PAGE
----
Author: Hannah Moyse, 8 June 2020

Our Bible Q&A series explores the questions you’ve asked us about the Bible.

This article represents the author’s personal view. It accords with Bible Society’s values, but is not intended to express our position as an organisation.

Question: What is the gift of speaking in tongues, and is it for today?  


The gift of tongues is one of the gifts of the Spirit described in the New Testament. 

These gifts are things God allows us to do to serve and encourage one another by his power, and they signify that a believer has the Holy Spirit in their lives. They are exercised through faith.  

One problem is deciding whether what modern-day Christians mean by the gift of tongues matches what the Bible says. Today, speaking in tongues can also be described as glossolalia:  the speaker makes utterances that form words, but the words can’t be recognised as belonging to a known language such as French or Latin. This happens frequently in Pentecostal and charismatic traditions, where these words are believed to be spoken under the direction of the Holy Spirit, meaning they have spiritual significance.  In 1 Corinthians 13.1, Paul mentions the tongue ’of angels’ in the context of speaking in tongues. In light of this, many charismatics interpret the language to be a heavenly or spiritual language.   

The purpose of speaking in tongues as laid out in the Bible is for edification, or encouragement. 1 Corinthians 14.4–5 says that a person speaking in tongues edifies themselves, and that when accompanied by an interpretation it edifies the whole church (Paul also makes clear that a person should pray for an interpretation of what they say).  

The present-day activity of speaking in tongues is easily observable if you go to a charismatic service or event. However, some would argue that the utterances charismatic Christians today believe are a spiritual language are not true speaking in tongues. These ‘cessationists’ believe that the gifts of the Spirit have ceased, or are no longer available to believers after the generation of the apostles passed away.   

Cessationists argue that the phenomenon seen in charismatic circles doesn’t match the depiction of speaking in tongues in the Bible. They point to Acts 2, when the Holy Spirit descended upon the believers and they began praising God in different languages, and those around on the streets began to hear and recognise the languages that they grew up with. They argue that in Acts, the early Christians were clearly speaking in discernible languages of other nations rather than incomprehensibly. However, an alternate reading of this passage is that it was a miracle of hearing rather than the gift of tongues – that those around the believers heard what was being spoken in their language, not that the languages were themselves being spoken.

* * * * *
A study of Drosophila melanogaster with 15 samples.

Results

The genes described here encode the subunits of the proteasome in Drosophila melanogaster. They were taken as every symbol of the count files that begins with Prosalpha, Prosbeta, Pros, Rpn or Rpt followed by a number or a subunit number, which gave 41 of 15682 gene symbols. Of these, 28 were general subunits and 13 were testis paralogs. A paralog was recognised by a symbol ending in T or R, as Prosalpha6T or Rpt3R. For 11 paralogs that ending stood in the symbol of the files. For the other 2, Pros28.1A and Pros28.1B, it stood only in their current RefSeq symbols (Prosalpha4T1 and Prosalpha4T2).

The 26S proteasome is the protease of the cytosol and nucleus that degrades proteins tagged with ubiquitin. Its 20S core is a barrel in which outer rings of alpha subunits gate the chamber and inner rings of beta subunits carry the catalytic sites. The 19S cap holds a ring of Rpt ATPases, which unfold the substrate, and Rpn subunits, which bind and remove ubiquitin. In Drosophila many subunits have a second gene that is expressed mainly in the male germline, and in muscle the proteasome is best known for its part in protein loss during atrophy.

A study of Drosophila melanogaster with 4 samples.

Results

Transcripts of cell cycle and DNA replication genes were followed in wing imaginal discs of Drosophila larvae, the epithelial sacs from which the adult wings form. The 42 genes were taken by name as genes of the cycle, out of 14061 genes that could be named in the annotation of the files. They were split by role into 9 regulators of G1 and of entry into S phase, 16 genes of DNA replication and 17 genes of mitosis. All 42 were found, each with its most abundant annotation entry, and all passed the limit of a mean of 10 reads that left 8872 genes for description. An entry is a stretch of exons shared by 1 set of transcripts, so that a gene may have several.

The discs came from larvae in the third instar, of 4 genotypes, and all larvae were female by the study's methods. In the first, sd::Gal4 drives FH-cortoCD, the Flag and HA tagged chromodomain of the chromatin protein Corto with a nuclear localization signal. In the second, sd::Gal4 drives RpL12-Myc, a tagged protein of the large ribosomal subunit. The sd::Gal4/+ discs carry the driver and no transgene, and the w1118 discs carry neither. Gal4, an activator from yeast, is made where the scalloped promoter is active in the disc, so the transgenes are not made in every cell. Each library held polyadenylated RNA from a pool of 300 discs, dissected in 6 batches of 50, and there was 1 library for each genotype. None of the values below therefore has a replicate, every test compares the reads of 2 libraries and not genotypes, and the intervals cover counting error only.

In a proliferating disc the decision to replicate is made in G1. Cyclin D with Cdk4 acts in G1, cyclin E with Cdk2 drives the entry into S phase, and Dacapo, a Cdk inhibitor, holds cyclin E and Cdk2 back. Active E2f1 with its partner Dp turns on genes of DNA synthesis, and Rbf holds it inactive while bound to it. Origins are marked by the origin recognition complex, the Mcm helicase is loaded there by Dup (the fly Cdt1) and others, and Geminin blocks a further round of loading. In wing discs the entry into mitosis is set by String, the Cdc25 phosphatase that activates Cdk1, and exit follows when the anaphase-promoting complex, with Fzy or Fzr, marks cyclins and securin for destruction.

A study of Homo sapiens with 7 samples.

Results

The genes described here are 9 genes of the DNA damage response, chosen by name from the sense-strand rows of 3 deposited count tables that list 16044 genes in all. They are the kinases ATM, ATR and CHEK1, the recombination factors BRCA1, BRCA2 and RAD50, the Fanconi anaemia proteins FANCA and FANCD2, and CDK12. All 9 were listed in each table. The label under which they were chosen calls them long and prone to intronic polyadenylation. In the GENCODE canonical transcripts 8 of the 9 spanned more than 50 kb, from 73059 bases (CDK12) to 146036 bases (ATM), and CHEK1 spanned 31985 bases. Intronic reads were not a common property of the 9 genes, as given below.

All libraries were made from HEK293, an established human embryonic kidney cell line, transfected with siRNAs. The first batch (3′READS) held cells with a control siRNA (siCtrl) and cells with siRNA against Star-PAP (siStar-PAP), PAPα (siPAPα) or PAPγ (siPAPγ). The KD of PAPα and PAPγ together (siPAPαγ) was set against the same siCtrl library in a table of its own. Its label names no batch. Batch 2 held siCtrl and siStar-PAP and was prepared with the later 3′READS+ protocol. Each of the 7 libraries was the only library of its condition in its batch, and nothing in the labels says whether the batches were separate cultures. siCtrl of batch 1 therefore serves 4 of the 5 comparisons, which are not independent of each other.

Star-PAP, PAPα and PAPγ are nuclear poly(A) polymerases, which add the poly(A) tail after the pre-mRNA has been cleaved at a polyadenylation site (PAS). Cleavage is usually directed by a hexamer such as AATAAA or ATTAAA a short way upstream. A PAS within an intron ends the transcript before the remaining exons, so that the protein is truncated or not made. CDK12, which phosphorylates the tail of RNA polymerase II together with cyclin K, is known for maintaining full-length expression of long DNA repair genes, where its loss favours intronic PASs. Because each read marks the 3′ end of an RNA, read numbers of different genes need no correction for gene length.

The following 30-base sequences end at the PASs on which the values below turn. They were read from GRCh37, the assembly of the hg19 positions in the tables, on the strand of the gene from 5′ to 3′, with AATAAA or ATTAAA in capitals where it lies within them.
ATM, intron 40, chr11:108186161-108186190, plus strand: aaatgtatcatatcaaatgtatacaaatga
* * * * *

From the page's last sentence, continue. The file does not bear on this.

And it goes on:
The gift of tongues is also talked about in detail in 1 Corinthians 14. Verse 2 talks about the gift of tongues as utterances that ‘no one understands’, and as ‘mysteries’. The emphasis is on the mysteriousness of the language; this could be referring to a natural language being spoken when no one else can understand it, but this description also fits the mysteriousness of charismatic glossolalia. We cannot know for sure the nature of the language being spoken, but we can try to imagine the context and see if Paul’s language surrounding it fits – for example, we can read about the expected reaction of an unbeliever to hearing it. From 1 Corinthians 14.23 we can see that the tongues are thought to be quite shocking or even bizarre for others to hear. It is hard to imagine someone walking into a church and seeing a variety of people praising God in recognisably natural languages and thinking that they have lost their minds – why would they? On the other hand, it is easy to see why someone might react that way if the tongues in question were glossolalia. 

 Therefore, depending on our interpretation of this passage and of 1 Corinthians 13.1, there may be a scriptural basis for charismatic utterances – although again we can’t know for sure what the context of tongues in the Corinthian church was.   

However, there are many Christians who believe that the gift of tongues encompasses both glossolalia and speaking a foreign language that hasn’t been learned naturally. Even if we consider the gift of tongues to be speaking in foreign languages only, this does not necessarily mean that the gift has ceased. Although hearing someone spontaneously begin speaking a language they haven’t learned is rarer, there are many more recent accounts of it happening – for example, early in the Pentecostal movement in 1900, it was reported that Agnes Ozman (one of the first in the movement) began speaking in tongues, and she testified that a Bohemian (from the present-day Czech Republic) understood her.    

It is clear that at the time when these New Testament books were written receiving the gift of tongues was a frequent experience of believers. Mainstream Christianity has often been suspicious of gifts of the Spirit that seem to challenge the control exercised by religious leaders, like prophecy, healing and tongues. However, these manifestations of God’s power have repeatedly appeared in the life of the Church, and many Christians would testify to their sense of God being active in these ways. There are great dangers in gifts like speaking in tongues being seen as some kind of proof of God’s blessing, but many Christians would see them as genuine gifts nevertheless, and something to be thankful for.